Wednesday, February 15, 2012

Sweet Transvestite from Sepia Apama

Crossdressing is a tangled and complicated part of human history. It's a practice that's existed as long as we've worn clothes, but it's also a surprisingly common tradition in the animal world. There are plenty of possible reasons for this, from transitions between normal and breeding appearance to outright conditional hermaphroditism. But few creatures are much more... renowned for this interesting behavior than the Australian Giant Cuttlefish.

Hey sailor!
The giant cuttlefish, the largest species of its kind, is a master of camouflage. Its eyes are highly advanced, especially for an invertebrate, and it's capable of changing the color, texture and overall shape of its body on a moment's notice. This species also suffers from a remarkably skewed gender ratio: they have about eleven males hatched for every one female. Consequentially, competition among males is very high, and this rivalry has lead to the development of some peculiar reproductive tactics.

♪ One is the loneliest number that you'll ever do... ♫

In order to monopolize whatever mating opportunities they can get, male cuttlefish become very territorial in spawning season. They'll reign off the biggest chunk of reef they can find and defend it with their lives, driving off any other fellas that dare set tentacle on their turf. So how do the smaller, younger males go looking for love? Simple: they disguise themselves as females. Breeding males will waste no chances to impress the ladies, and are more or less constantly flashing in brilliant, rippling hues with the help of their HD-TV skin cells. Females (and males wanting to impersonate them) maintain their usual subdued, sandy colors, to avoid drawing unnecessary attention from predators.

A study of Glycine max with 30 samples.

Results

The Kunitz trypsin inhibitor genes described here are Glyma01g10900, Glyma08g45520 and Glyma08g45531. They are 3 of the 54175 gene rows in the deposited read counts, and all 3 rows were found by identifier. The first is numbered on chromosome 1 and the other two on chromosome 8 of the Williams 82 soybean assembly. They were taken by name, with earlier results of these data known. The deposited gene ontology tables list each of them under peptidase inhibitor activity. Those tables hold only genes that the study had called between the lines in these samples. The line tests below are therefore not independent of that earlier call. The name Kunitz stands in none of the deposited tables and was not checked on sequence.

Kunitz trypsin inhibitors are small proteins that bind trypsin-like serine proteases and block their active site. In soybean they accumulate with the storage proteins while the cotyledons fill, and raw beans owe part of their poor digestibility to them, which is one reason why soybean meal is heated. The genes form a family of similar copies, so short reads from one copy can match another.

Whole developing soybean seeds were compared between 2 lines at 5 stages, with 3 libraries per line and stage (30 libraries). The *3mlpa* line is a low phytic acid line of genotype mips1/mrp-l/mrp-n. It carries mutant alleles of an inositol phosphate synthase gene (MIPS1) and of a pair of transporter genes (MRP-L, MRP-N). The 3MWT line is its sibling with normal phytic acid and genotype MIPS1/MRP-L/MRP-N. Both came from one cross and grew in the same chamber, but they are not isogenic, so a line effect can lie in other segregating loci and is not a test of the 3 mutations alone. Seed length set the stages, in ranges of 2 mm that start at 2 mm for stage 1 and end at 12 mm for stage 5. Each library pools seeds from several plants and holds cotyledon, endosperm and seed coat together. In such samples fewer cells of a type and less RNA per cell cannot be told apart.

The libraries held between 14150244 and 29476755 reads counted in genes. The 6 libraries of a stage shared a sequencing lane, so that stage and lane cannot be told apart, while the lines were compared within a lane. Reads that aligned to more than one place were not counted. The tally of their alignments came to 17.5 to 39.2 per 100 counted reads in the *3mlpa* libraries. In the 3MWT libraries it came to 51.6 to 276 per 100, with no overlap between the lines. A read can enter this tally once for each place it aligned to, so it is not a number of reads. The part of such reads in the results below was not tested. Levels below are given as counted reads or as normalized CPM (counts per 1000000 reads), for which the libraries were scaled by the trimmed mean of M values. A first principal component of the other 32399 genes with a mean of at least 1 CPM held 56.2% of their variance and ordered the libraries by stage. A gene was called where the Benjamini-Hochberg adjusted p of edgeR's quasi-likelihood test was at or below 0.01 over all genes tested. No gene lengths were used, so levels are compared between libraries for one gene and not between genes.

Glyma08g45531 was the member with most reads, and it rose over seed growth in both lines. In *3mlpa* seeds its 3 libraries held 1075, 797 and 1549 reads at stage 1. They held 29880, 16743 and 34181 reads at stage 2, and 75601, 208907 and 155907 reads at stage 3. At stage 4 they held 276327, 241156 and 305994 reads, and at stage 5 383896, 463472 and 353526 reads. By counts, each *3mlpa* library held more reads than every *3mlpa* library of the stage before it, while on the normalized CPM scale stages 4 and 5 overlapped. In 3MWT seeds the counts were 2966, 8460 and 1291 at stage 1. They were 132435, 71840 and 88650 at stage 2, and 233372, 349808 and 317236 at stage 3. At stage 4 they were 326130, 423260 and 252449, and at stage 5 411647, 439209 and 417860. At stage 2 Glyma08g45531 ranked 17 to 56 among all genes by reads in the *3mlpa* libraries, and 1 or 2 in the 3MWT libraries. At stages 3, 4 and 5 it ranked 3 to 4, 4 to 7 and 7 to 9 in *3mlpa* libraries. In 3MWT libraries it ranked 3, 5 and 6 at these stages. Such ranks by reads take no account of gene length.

He might get eaten alive by dolphins, but he's gonna look fabulous doing it.

The smaller males use their girlish figures to sneak into other males' territories and court their females. Just for perspective, the human equivalent of this behavior would be for a reedy guy to walk into a ganglord's hideou dressed in drag and hope for the best. Since giant cuttlefish are polyandrous (females mating with multiple males) this works out pretty well for everyone but the dominant suitor. All he can do is patrol his territory to the full extent of his boneless strength and keep an eye out for any suspicious goings-on in his harem. Like most cephalopods, cuttlefish will die at the end of their breeding cycle: leaving behind a new generation of bruisers, brains and dubious 'females'.

Nope, no menfolk around here. Never seen them. No idea what you're flashing about.